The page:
At first sight, the only applicable description of the first US Social Forum would be chaos. Utterly overwhelming. Ten thousand people mill about the Atlanta Civic Center and its environs, trying to choose between dozens of workshops, issue-themed tents, merchandise and information tables, meetings, and plain old socializing.
It is a scene perhaps best captured in fragments rather than full sentences. Organizers. Housing. Immigrant workers. Vision. Prison abolition. Puppets. Speeches, newspapers, fliers, banners, flags, books, shirts. Laughter. Dance parties. Water. Media. Fundraisers. Collaboration. Resisting state and interpersonal violence. Imagining.
Palestine, Iraq, Afghanistan, Colombia, Cuba, Puerto Rico, ghetto, barrio, reservation. The city. Youth. Networking. Strategy.
It is people running into old friends from across the country as they roll into Atlanta in buses from the Southwest to the Northeast. It is the sweaty hugs and warm handshakes of new friends collaborating on old projects, of people meeting others doing the exact same work across the country or complimentary work across town. It is a place of impassioned and often impromptu speeches. Spirited marches, ad hoc press conferences, and clever street theater seem as ubiquitous as the 1,000 panels taking place. The social forum is a gathering of veterans–of wars and of movements.
The forum can easily feel like just another conference, only supersized. The schmoozing, the talking heads, the exchanging of cards and brochures–it’s all here, just on a bigger scale. People trying to call attention to their cause or organization pass out flyers announcing the workshops they are organizing. There are many different workshop tracks to choose from, both from themes the forum organizers decided upon or the self-organized tracks groups have collaborated on to organize. It would be easy to pick a track and only see people interested in workers rights, urban community organizing, Palestine, transformative justice, or rebuilding the Gulf Coast. In that, the Social Forum is a conference of conferences for a movement of movements.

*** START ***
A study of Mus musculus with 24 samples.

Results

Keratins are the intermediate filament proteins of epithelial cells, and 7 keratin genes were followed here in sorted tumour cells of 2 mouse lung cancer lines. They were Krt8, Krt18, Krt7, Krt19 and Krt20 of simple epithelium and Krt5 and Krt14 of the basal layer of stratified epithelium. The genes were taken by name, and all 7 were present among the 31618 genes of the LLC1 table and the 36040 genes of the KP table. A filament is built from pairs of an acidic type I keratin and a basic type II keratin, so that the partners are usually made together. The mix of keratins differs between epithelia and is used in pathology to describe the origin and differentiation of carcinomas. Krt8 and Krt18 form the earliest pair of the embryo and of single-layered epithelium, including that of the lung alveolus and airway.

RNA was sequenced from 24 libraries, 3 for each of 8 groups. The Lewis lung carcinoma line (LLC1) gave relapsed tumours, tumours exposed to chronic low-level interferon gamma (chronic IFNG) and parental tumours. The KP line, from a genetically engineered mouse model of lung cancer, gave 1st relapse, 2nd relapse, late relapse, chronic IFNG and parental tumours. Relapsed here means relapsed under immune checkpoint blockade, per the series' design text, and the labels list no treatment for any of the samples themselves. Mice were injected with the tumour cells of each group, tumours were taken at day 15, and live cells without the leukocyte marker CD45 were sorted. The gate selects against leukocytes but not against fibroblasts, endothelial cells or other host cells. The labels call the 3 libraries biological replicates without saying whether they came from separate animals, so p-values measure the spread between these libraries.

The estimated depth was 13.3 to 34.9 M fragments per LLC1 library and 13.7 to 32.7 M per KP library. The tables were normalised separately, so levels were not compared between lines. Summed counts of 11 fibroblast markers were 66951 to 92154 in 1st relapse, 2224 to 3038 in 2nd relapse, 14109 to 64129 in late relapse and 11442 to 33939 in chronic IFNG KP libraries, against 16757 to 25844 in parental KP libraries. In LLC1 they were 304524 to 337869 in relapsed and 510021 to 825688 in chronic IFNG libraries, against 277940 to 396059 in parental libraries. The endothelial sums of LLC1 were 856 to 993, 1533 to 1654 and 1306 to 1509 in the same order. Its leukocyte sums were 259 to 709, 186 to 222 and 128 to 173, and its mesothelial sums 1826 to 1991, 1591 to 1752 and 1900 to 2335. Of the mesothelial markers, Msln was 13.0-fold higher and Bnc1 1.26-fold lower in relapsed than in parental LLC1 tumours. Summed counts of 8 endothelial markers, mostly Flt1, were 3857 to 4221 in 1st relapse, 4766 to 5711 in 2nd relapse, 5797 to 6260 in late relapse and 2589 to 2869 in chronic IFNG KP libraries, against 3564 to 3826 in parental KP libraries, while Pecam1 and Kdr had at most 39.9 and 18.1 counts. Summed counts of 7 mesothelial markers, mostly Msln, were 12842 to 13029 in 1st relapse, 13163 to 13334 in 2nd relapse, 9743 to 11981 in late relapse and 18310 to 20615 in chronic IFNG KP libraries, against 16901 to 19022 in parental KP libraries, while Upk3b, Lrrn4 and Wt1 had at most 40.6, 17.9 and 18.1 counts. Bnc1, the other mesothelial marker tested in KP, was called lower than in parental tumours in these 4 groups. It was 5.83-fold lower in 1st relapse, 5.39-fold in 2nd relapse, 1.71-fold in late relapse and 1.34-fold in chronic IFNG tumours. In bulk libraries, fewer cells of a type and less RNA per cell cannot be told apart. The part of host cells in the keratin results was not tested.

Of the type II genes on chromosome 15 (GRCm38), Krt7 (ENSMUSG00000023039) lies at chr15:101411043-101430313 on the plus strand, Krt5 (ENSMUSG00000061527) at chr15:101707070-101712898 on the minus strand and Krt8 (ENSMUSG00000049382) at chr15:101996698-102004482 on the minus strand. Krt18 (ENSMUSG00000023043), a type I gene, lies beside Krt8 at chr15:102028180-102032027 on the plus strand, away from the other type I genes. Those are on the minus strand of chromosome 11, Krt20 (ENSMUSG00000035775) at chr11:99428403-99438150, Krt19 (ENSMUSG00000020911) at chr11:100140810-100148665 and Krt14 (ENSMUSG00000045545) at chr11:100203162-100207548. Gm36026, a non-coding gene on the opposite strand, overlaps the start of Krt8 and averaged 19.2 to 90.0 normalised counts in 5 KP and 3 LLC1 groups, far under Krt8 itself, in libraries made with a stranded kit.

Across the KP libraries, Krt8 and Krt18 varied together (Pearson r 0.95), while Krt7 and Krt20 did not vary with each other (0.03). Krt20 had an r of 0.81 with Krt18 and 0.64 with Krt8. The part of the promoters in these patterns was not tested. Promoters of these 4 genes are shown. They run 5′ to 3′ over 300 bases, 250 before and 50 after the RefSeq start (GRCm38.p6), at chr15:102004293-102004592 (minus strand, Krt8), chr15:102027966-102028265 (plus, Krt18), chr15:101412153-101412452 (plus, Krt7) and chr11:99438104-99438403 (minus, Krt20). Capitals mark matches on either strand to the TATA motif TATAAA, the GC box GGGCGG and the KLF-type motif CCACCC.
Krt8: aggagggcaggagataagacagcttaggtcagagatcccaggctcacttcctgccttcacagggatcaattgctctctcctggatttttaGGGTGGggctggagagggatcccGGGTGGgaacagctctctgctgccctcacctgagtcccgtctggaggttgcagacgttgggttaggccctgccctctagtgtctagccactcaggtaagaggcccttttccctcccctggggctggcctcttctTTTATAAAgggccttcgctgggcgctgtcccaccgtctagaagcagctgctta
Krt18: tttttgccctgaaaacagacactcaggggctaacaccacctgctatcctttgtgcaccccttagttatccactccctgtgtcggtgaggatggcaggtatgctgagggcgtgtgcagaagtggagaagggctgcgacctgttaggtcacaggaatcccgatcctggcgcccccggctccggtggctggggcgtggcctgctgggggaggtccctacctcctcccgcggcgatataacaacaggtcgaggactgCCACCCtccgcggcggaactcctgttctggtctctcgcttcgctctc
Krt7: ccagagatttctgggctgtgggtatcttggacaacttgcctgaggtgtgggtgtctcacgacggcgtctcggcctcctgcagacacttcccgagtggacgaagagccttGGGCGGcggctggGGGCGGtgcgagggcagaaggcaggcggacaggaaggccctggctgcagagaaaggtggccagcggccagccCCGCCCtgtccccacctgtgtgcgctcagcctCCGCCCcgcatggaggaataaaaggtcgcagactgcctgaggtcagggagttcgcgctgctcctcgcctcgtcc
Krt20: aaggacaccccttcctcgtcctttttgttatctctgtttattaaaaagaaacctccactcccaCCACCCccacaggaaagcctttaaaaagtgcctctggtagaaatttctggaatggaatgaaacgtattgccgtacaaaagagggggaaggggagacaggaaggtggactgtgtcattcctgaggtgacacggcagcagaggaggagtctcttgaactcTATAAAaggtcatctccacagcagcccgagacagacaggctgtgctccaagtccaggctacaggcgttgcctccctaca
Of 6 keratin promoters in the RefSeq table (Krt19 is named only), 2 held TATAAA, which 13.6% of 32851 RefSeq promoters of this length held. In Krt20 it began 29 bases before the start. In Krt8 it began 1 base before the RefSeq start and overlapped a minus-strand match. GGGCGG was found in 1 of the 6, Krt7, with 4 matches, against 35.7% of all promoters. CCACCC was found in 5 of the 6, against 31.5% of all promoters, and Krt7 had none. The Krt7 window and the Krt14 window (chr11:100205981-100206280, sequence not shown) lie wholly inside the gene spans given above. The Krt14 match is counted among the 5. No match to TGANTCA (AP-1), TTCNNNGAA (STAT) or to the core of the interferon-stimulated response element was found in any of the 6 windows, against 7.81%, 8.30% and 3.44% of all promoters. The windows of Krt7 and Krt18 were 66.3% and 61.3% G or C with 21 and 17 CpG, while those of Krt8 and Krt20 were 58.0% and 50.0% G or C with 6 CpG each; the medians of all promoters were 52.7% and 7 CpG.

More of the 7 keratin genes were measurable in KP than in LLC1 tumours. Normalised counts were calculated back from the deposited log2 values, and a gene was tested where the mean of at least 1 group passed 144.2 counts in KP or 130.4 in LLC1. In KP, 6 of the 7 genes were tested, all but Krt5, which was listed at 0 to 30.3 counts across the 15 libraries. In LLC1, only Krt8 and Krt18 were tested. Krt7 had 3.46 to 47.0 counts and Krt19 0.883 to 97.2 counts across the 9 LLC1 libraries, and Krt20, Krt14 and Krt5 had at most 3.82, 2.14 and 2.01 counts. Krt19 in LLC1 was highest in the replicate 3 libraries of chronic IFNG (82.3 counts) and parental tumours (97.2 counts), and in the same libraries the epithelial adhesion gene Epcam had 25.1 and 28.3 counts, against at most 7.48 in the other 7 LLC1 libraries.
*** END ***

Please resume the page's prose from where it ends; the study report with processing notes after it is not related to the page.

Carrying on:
A bird’s eye view of the social forum would reveal an energy and excitement for something more. That desire is not just for an alternative to the Bush regime’s sinking ship. At its best, the desire stretches for a new way of conducting politics and social movement based on but not duplicative of what has come before. It is a call to build a left that is grassroots and democratic, visionary and strategic, a left that manages to have unity without sacrificing its political principles. If, as the World Social Forum slogan puts it, Another World Is Possible, the US Social Forum proclaims that Another US is Necessary.
There are surely problems: the pockets of people for whom politics consists of haranguing the public with conspiracy theories or tired ideas of Bolshevism. More pressing is the propensity for the forum’s size and excitement to outpace its ability. While less so than forums in the resource-strapped Global South, the US Social Forum is not exempt from the confusion of facilitators without panels or panels without rooms. The Ida B. Wells Media Justice Center has provided an impressive model of collaborative journalism, but its community newsroom started out in what seemed like a bathroom closet. The competition for, or at least confusion over, space and attention is apparent–even if it takes place in an atmosphere of inspiring cooperation.
The necessity for another America, one that, in Langston Hughes’ famous words, has never existed, permeates the forum. Indeed, the forum is in no short supply of proscriptions for a radical remaking of this country, and therefore the world. Panel after panel, table after table, conversation after conversation, meeting after meeting–each one makes apparent the need for another society, and what the ingredients of it must be. A sometimes too-quick-to-applaud audience cheers on as speakers denounce injustice and celebrate what Martin Luther King once described as a revolution in values.
The energy is kinetic and infective. Still, the real test is not what happens here but what emerges from it. And there are already reasons to hope: numerous urban community organizing groups from across the country sponsored a workshop track, parties, and meetings to solidify a Right to the City network. Under the auspices of the National Network for Immigrant and Refugee Rights, the marginalized left voices within the immigrant rights movement had a chance to make their position known through workshops and a national press conference. A pre-forum gathering sponsored by Queers for Economic Justice and Southerners on New Ground took first steps toward building the infrastructure for a Queer Left, while another pre-forum gathering–strengthened throughout the week–brought together queer, feminist, and antiracist groups to envision solutions to state and interpersonal violence that don’t involve the sprawling prison-industrial complex.
These examples show that a mass movement is slowly beginning to cohere. It is far too early to predict its success, failure, or specific forms. But the forum presents a picture of movements in motion, a chance to glimpse and above all participate in building the world we want to see. After years of patient organizing, the grassroots centers of social movements are beginning to burst through soil corroded by years of neo-liberalism and an impoverished dominant political culture. The consciousness, vision, and strategy emanating from the social forum is uneven and developing–and it may just be our best hope to have both democratic processes and liberating politics.